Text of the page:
There's nothing worse than wasting the first overall selection in the MLB draft on a guy who won't even sign.
Such is the problem facing Washington right now. The Nationals chose San Diego State standout Stephen Strasburg with the No. 1 pick in the 2009 draft, but according to team president Stan Kasten, things aren't quite going as planned as the two sides negotiate a contract.
Washington has until midnight on Monday to sign the pitcher, and Kasten told ESPN.com there is a "very real possibility" a deal won't get done.
"With 48 hours to go, I simply have no idea whether we're going to be able to reach a deal," the president told the Associated Press, divulging that the Nationals offered him a contract worth more than the record $10.5 million the Cubs gave Mark Prior after the 2001 draft.
Strasburg is represented by Scott Boras, who is working with the three highest picks in this year's draft — all of whom are currently unsigned.
A record-breaking contract may sound like a good deal, but it isn't good enough for Boras. He claims that there is no point in comparing Strasburg's value with the value of pitchers eight years ago.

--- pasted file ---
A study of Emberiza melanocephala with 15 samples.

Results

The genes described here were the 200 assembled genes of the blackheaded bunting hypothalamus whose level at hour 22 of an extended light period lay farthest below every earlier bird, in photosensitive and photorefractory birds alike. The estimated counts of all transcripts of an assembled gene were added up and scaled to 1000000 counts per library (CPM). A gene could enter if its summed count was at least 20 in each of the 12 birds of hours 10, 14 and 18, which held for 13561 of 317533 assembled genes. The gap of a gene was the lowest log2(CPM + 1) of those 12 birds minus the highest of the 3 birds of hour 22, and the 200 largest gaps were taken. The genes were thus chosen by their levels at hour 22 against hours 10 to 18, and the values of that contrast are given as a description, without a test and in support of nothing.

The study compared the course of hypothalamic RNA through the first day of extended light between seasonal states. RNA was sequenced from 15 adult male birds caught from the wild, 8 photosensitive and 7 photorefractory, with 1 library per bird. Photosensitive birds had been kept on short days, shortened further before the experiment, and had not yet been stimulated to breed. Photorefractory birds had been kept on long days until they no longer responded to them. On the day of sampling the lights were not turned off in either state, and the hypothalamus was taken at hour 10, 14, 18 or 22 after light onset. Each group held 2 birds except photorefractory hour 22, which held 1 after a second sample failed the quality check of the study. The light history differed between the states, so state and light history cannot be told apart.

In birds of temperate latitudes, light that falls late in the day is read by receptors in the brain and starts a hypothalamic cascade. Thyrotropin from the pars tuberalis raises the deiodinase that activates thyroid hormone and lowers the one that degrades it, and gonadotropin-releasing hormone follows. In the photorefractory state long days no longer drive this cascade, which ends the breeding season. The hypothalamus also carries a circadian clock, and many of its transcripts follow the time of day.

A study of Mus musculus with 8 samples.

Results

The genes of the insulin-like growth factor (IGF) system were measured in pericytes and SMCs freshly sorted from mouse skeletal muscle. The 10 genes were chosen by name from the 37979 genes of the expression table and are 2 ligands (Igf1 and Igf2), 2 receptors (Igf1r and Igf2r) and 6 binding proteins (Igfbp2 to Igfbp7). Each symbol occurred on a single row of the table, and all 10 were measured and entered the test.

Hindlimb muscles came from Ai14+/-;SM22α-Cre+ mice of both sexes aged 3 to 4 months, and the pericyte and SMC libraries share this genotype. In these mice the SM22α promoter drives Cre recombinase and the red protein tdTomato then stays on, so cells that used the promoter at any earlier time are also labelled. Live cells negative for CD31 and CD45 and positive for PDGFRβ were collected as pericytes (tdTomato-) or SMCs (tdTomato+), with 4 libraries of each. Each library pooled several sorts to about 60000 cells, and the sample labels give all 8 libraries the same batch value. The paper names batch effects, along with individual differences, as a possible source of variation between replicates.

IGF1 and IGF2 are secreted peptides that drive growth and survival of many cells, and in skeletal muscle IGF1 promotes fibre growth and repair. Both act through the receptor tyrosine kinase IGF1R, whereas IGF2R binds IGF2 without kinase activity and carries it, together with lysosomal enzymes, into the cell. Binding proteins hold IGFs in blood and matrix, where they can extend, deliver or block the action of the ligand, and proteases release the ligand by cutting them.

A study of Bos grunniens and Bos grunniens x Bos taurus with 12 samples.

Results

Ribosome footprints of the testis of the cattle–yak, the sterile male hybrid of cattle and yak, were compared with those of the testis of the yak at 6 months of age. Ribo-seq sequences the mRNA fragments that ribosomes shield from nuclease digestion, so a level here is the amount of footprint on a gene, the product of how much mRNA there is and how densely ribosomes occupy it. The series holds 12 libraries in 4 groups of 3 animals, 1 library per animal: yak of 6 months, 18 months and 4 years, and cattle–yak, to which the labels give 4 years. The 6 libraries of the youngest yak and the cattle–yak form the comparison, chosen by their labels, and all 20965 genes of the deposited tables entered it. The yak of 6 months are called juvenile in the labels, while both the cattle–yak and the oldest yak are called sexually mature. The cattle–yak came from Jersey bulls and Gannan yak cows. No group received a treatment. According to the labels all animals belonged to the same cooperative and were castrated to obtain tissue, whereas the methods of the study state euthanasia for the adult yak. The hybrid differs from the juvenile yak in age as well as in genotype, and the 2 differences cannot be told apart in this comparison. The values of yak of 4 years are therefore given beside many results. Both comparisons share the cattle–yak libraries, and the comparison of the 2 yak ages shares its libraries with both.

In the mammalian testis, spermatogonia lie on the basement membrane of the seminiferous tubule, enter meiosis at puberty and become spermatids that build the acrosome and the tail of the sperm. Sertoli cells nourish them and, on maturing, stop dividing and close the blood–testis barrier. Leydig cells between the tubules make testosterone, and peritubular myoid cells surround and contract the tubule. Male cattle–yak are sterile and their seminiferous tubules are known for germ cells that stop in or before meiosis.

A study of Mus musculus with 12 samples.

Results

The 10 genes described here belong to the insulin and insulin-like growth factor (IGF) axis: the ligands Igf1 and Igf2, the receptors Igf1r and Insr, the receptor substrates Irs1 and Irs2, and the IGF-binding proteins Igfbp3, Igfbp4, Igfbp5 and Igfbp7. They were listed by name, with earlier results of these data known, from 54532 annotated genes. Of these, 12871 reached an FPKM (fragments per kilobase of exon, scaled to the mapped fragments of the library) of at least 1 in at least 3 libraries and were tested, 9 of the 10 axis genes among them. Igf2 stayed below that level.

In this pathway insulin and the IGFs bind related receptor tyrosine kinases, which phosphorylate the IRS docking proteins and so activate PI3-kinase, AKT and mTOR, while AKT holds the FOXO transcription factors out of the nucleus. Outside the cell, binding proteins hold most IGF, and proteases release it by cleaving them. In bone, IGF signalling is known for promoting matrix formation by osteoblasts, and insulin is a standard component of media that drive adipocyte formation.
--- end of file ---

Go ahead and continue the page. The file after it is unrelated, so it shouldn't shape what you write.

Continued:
While his exact demands are unclear, it is obvious that he's willing to play hardball with Strasburg.
"For the first time in eight years we have an extraordinary player who is in the draft marketplace," Boras told ESPN.com. "Wouldn't we all like to buy bread at a price they charged 100 years ago, a nickel a loaf, with the income we enjoy today?"
If the two sides cannot reach an agreement, Strasburg will re-enter the draft in 2010 and the Nationals will receive the No. 2 overall pick.
Strasburg went 13-1 in 2009 and led all Division I pitchers with a 1.32 ERA and 195 strikeouts. He was named the top amateur player in the United States in July.
he has a special talent on his hands.
"This kid is so impressive," Kasten told the AP. "We have nothing but the highest regard for him. If he wants to come and begin his career right now — and do so with the largest contract ever given to any drafted player in the history of Major League Baseball — we can help him accomplish that.
"But if this is more about changing the whole way an industry does business, then we won't be able to reach a deal."